Public subsidy for expensive hearing aids needed

March 18, 2019

Out of 14.3 million persons with hearing loss in Japan, those who have a hearing aid amount to only about 2.1 million because proper hearing aids are unaffordable for most pensioners.

The price ranges from 30,000 yen for one ear up to about 500,000 yen for both ears, depending on the shape and functions. The average cost in 2016 was 110,000 yen for one ear and 200,000 yen for both ears, according to the Japan Hearing Instruments Manufacturers Association (JHIMA).

There is a public assistive device subsidy program under which hard-of-hearing people can buy a hearing aid at 10% of the normal price. To be eligible for this program, they must be persons with a severe hearing loss in both ears and must have a "physically-disabled" identification card. The JHIMA says that the percentage of persons with severe hearing loss is only 8% of the total number of hearing-impaired individuals.

The WHO recommends wearing a hearing aid for persons with a hearing level of an average of 41dB. However, in Japan, the benchmark is more than 70dB.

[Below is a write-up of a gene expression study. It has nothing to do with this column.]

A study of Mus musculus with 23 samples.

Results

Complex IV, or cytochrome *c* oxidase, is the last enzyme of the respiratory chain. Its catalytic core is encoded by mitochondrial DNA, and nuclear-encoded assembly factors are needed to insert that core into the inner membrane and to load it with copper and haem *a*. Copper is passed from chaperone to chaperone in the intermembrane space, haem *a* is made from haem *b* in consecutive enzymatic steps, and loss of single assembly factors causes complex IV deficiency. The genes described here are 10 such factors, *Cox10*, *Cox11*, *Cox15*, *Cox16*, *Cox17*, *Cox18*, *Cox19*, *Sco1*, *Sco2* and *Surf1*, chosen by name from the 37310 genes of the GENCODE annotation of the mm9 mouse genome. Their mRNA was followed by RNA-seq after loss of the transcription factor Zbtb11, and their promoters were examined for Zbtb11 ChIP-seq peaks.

Only after receiving a "physically-disabled" identification card can they apply for the assistive device subsidy. Only 12% of hearing aid owners are public subsidy recipients in Japan.

In the U.S., Germany, France, and the U.K. where there is a more generous public subsidy service, the rate of the hearing aid users is twice or three times higher than in Japan.

On February 26 in a Hyogo prefectural assembly meeting, Japanese Communist Party assemblyperson Isomi Keiko demanded the creation of the prefecture's own hearing aid subsidy scheme as well as the improvement of the existing program.

Hyogo Governor Ido Toshizo in reply said, "I will request the central government to expand the subsidy program. Taking into consideration the state response, the prefectural government will deal with it."

Hearing reduction leads to reduced cognitive function. Harada Keijiro, the head of an association on visually disabled in Nishinomiya City, said, "Persons with impaired vision also become hard of hearing as we get older. For us, what we hear is vital. Affordable and accessible hearing aids are a pressing human rights issue."